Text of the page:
Zealandia, Orokonui, and the Ecosanctuary Concept

Alright everyone, strap on your seat-belts, we’re taking a detour!  As an ecologist, I just couldn’t pass up the opportunity to discuss a conservation strategy that (to my knowledge) is unique to New Zealand: the “predator-free” ecosanctuary.  This past week, I visited Wellington’s very own ecosanctuary, Zealandia and I was just blown away!

Something that I find especially fascinating about New Zealand is that there are no native mammals in this country aside from three species of bats.  This means that the native wildlife here are not adapted to survive mammalian predators.  For example, Kakapo, one of a number of flightless bird species, are slow to reproduce and simply freeze when a predator approaches rather than trying to get away.  While this behavior would allow them to survive in the face of avian predators like the New Zealand Falcon, it also makes them easy pickings for introduced species like rats, stouts, and cats.

So what’s a country to do?  The New Zealand Department of Conservation (DOC) oversees a number of fantastic national parks throughout the country.  However, despite their best efforts it is next to impossible to remove all invasive species from these area since they are open to the surrounding landscape of agriculture and urban development.

Enter the ecosanctuary.  In 1995, the Karori Sanctuary Trust was established as a non-profit community organization with the vision “to be a world-class conservation site portraying our natural heritage that captures people’s imagination, understanding and commitment”.  In the following years, a decommissioned reservoir in the suburbs of Wellington was transformed into the world’s first fully fenced ecosanctuary.

This predator-proof fence is specifically designed to cope with rabbits, possums, cats, and every mammalian pest except for mice (those devious jerks).  This means that Zealandia can effectively cut off this corner of the world to restore it to a more natural state.  While it is impossible to revert this valley to its original state (I have been mourning the extinction of the Moa since I landed in this country), Zealandia has reintroduced 18 species to this area, including the Kaka, Tieke (or Saddleback), and Tuatara.

A female Tuatara chilling out by her burrow.  Those colored bead on her neck are a unique combination to help researchers identify her.

In the years since, these species have flourished within Zealandia’s borders.  The second you enter the sanctuary, your ears are bombarded by birdsong that appears to be oddly lacking in most other places in New Zealand.  When I visited for the first time a few days ago, the Kakas were practically dripping from the trees!  Not only have their numbers increased within the sanctuary, but surrounding suburbs are now experiencing the halo effect of this protected area.  Streets that haven’t seen Kakas in years now have frequent visits from these feisty parrots.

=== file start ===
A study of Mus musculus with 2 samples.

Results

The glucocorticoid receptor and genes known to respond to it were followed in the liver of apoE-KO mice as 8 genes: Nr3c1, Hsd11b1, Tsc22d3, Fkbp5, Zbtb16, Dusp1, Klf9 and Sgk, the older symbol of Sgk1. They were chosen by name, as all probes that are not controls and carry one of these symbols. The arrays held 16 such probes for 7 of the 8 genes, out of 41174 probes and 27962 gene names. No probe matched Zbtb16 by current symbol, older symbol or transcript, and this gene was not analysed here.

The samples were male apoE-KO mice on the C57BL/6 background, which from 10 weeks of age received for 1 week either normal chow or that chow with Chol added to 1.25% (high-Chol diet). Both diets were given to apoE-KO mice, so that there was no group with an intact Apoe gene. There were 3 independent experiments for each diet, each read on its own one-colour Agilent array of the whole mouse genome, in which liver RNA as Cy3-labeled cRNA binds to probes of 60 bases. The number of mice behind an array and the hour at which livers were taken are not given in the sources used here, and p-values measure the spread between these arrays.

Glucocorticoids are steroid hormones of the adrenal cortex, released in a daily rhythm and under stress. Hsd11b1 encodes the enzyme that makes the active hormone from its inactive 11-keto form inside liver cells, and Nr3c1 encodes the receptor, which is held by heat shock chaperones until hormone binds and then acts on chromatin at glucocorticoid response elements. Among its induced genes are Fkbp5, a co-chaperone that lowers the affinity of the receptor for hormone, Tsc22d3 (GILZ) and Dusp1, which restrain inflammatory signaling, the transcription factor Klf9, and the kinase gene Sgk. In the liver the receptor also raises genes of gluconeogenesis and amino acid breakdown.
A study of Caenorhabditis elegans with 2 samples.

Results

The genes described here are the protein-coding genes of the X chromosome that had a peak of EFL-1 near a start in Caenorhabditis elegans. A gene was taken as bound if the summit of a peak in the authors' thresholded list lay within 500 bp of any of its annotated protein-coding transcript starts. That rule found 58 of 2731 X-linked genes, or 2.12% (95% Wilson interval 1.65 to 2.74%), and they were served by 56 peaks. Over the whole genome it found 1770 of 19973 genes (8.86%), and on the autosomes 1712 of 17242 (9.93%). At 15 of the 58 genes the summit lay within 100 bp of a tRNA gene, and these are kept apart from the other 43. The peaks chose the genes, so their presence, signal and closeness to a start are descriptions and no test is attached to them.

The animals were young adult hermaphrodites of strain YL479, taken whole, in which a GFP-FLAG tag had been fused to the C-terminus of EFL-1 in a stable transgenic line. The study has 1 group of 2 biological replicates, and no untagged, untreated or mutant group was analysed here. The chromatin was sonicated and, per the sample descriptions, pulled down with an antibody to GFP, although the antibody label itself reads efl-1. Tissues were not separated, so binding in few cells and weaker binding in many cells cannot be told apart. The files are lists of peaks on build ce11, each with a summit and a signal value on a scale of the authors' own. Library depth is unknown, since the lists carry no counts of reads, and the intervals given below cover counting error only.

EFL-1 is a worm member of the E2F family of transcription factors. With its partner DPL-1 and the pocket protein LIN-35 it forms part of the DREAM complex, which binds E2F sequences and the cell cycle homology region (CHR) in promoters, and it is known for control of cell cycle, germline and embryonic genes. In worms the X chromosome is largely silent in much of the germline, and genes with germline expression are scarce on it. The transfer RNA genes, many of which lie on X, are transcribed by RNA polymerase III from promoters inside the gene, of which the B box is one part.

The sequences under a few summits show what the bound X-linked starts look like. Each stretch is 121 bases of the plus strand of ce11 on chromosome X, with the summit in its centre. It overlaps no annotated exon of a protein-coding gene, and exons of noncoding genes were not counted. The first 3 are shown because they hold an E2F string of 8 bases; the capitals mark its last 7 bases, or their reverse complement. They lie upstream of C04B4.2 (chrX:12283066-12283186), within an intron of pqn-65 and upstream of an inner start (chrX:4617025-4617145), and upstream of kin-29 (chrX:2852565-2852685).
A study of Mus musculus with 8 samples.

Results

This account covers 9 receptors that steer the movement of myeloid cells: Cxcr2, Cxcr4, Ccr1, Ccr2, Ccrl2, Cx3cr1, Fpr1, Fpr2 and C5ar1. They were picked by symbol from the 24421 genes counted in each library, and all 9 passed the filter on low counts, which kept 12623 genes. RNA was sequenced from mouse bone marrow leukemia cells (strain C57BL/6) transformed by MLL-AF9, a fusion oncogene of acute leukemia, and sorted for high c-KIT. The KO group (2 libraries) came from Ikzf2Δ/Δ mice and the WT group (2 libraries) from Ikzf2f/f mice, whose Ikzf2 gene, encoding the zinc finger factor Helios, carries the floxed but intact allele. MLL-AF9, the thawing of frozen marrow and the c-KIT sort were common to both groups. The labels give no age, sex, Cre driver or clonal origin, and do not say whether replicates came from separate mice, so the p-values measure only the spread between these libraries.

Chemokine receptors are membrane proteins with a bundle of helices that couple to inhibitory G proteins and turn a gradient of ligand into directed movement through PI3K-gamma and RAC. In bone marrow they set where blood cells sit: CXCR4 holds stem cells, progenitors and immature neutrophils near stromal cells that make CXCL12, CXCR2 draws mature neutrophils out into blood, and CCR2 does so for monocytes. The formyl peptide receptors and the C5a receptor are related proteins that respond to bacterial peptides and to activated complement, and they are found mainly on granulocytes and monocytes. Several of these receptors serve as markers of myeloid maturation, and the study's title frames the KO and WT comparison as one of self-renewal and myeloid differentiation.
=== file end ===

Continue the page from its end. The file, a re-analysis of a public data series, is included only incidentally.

After viewing Zealandia’s success, other ecosanctuaries, such as Orokonui, have set up their own fences with similar success.  These “predator-free” sanctuaries simply would not work in other countries because mammalian predators are native almost everywhere else in the world.  This is what makes me nerd out so much about what New Zealand is doing with these ecosanctuaries and predator-free islands.  They are essentially taking the introduced pest and removing it from the conservation equation with much success.

A Kaka enjoying an afternoon snack from the feeder.

Now, as much as I am gushing here, the concept of the ecosanctuary is also somewhat depressing.  In order to have such success with species reintroductions, conservationists had to completely cut off this bit of land from everything around it.  I find this somewhat sad since in an ideal world, humans would be able to interact with nature without having such a strong, negative impact.  Still, each act of conservation is a step forward in my book.  It really is quite incredible to see what Zealandia has done in a relatively short period of time.  Now if only I had a shot of being alive to see their 500 year vision come to fruition!

Anyway, I know this is a little bit of a divergence from the typical travel-related musings, but there will plenty more of those to come!  Did you like this tangent?  Have your own opinions about the ecosanctuary concept?  Leave a comment below!  I’ll see you again next week with some thought provoking words about the magic that is peanut butter.



5 thoughts on “Zealandia, Orokonui, and the Ecosanctuary Concept

Add yours

  1. G’day Mate!!!
    Nice blog. These Ecosanctuaries are sweet as. I loved Ulva Island. One of my favourite spots in NZ.
    Now I got a question for you: Why are there no native mammels in that amazing corner of the world? That bothered me from the very first day of my trip.
    Cheers, Tim
    PS: I’m thinking about running my own B&B now ;b


    1. Hey! Thanks! Yeah, Ulva Island was fantastic!! As for the mammal question there’s two theories and they aren’t mutually exclusive. The first is that New Zealand broke away from the super continent, Gondwana, before mammals really evolved, so they simply hadn’t established themselves there. The other is that New Zealand was entirely submerged at some point in time, which would have killed off any mammals that had found their way there. In either case, that meant that the only animals that could feasibly get to New Zealand from say Australia were those that could fly. And you totally should haha! Just make sure you actually wash the duvet covers…


  2. Loved this blog post! As a Kiwi ecologist, this makes me proud to read :). I also spend half the year as an ecologist in the UK, and it is very interesting contrast as our countries ecologies are so different!